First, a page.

Probably the best-known anchorage in the Virgin Islands, Cane Garden Bay is an aesthetic beauty, chock-full of places to quench your thirst and provide some adventure. Though it has certainly changed a bit from its more humble and funky beginnings, there is still plenty here worth seeing.
Just south of the Northwest corner of Tortola, most people end up approaching Cane Garden Bay from the perfect sandy shore of Sandy Cay or from Jost Van Dyke, both to the west. There is a high headland on the north side of the bay, and your approach will lead you close in to this rocky area. Look for a large white house in a prominent position high above the cliffs to confirm your location and then spot the nav buoys at the entrance to this kidney-shaped bay.
The bay is choked with mooring buoys, making it easier for the numerous boats to find safe holding and minimizing midnight hassles when the wind whips through (rare). If you are looking for a buoy for the night, we would suggest getting into the bay no later than 1500, as this popular anchorage can fill up quickly. Moorings are paid for ashore, or a launch will come out and collect. We suggest getting a receipt from the pilot to minimize confusion. The number of buoys also makes it a bit difficult to find room to anchor except in the south and southwest areas of the bay, backed against the reef/shoal areas. The sand is good holding, and if you have a shallow draft vessel, head a bit further south in the bay to find some space to yourselves.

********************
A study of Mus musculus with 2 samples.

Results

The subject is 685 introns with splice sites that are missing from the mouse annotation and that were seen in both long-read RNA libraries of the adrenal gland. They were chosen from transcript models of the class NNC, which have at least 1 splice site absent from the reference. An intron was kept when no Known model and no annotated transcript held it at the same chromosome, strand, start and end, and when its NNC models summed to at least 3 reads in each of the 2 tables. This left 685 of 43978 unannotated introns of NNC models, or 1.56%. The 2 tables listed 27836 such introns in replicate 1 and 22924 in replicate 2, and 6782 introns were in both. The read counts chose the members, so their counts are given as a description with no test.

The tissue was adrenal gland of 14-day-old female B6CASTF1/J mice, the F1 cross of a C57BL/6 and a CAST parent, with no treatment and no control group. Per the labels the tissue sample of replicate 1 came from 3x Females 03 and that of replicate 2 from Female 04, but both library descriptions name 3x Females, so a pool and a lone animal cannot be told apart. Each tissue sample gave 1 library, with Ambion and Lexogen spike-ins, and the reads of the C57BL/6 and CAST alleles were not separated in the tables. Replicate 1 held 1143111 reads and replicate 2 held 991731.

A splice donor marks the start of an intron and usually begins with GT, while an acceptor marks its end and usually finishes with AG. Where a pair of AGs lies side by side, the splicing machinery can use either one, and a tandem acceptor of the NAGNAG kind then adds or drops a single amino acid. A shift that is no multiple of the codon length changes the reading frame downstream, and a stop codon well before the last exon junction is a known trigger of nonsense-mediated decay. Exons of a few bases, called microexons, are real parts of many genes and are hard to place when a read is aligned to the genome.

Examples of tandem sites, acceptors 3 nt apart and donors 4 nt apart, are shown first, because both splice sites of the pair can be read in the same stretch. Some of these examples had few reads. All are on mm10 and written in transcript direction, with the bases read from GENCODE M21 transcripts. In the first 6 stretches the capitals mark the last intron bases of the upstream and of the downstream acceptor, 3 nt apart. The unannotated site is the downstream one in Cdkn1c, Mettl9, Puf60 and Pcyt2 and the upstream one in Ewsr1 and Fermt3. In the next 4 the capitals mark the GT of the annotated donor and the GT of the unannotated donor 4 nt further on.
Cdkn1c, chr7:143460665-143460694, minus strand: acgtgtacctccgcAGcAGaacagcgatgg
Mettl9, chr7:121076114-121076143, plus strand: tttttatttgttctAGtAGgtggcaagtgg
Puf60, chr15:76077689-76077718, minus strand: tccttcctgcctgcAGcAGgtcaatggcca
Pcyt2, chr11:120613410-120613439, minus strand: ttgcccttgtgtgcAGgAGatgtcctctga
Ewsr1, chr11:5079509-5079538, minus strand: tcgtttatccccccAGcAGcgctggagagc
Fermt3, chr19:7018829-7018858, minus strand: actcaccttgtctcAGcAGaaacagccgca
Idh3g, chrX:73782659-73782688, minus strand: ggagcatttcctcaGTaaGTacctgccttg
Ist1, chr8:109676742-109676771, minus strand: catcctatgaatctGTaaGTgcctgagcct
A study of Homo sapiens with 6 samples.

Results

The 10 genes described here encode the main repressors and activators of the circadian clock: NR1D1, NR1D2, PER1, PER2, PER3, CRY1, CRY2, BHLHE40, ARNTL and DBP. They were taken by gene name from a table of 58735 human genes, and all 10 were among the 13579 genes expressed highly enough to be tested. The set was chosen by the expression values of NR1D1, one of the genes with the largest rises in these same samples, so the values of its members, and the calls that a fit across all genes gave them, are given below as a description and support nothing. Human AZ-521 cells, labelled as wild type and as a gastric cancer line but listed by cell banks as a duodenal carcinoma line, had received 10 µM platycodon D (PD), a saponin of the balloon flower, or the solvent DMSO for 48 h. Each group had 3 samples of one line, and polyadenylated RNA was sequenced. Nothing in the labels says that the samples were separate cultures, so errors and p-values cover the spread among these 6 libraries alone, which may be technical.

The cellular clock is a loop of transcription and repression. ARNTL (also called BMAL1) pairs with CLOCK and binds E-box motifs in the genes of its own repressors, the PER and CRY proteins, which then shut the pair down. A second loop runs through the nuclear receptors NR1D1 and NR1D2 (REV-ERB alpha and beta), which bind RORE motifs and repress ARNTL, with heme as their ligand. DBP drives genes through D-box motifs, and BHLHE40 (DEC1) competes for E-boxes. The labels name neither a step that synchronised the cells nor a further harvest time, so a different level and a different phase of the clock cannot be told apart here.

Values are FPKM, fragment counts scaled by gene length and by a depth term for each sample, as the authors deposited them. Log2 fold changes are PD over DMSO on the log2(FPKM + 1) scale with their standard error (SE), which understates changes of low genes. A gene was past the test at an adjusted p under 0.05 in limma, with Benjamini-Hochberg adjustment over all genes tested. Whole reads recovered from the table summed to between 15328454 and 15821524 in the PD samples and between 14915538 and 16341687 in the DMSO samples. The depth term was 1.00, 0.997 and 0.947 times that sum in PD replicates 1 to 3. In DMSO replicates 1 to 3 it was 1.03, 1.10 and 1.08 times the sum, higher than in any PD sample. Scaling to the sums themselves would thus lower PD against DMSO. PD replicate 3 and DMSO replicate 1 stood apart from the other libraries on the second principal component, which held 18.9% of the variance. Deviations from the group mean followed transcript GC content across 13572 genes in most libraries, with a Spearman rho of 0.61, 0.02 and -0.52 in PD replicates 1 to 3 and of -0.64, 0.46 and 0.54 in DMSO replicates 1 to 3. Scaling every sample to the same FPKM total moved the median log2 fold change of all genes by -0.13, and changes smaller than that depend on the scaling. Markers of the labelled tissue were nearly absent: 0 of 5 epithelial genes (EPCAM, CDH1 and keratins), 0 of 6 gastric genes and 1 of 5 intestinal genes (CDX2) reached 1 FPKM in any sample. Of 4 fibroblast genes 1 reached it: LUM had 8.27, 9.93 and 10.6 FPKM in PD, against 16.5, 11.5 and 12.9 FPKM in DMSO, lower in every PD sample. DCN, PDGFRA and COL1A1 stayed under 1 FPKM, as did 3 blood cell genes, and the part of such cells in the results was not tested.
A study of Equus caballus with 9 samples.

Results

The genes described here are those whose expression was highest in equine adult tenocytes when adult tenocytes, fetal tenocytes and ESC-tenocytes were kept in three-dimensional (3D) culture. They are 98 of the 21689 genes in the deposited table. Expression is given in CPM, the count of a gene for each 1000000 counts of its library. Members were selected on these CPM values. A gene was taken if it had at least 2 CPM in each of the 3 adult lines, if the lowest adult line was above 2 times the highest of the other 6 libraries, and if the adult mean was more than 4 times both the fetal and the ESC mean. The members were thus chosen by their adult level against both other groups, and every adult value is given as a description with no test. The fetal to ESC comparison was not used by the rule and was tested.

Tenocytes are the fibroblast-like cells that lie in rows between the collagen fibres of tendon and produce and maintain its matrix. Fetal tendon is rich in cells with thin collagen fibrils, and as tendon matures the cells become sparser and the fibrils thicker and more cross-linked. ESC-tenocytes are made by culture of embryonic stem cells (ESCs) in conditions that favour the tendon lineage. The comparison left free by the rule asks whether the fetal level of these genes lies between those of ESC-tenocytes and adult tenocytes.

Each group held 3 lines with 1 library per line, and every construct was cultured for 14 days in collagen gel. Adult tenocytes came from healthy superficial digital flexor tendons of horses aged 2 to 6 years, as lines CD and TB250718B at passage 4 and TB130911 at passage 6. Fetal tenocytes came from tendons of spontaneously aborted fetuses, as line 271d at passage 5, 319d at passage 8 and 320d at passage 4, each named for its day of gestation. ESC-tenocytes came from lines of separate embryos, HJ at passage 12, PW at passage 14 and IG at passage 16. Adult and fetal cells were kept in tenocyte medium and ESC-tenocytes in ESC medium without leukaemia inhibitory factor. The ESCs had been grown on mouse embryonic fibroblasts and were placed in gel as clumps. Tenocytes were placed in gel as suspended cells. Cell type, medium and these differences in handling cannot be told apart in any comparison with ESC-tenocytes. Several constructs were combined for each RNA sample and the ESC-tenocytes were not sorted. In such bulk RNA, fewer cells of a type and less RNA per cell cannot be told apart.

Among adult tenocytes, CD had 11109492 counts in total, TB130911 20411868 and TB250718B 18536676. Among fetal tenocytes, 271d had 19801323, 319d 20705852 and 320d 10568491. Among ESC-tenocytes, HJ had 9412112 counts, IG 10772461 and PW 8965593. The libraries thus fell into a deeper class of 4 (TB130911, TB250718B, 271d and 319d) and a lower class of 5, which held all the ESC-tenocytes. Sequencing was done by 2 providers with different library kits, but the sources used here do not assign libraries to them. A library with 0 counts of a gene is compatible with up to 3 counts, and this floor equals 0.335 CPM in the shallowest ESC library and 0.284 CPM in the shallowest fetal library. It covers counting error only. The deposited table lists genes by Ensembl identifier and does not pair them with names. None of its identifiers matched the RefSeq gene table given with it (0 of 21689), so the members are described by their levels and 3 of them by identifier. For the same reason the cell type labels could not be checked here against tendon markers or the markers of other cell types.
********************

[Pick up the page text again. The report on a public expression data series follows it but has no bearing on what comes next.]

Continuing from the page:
While Stanley’s classic tire swing from the tree is no longer swinging (the palm collapsed some years ago), there is still plenty to see and do in Cane Garden Bay. Stroll along the sugar sand beach to any of the numerous beach bars and fine restaurants that have set up shop here, including Myett’s and Quito’s Gazebo. Up the stairs from the dinghy dock are some other shops along the road for provisioning, ice, and sundries (Bobby’s). There is a Rum Distillery tour at Callwood’s as well, something not to be missed by a true connoisseur.
Sunset from one of the beach bars. Cane Garden Bay has an almost perfect line of sight most of the year to see the giant orange orb slip silently into the sea, framed by Jost to the north and St. Thomas to the south. Sipping on a cocktail with your toes in the sand, this sight is hard to beat. You might even experience your first “green flash”!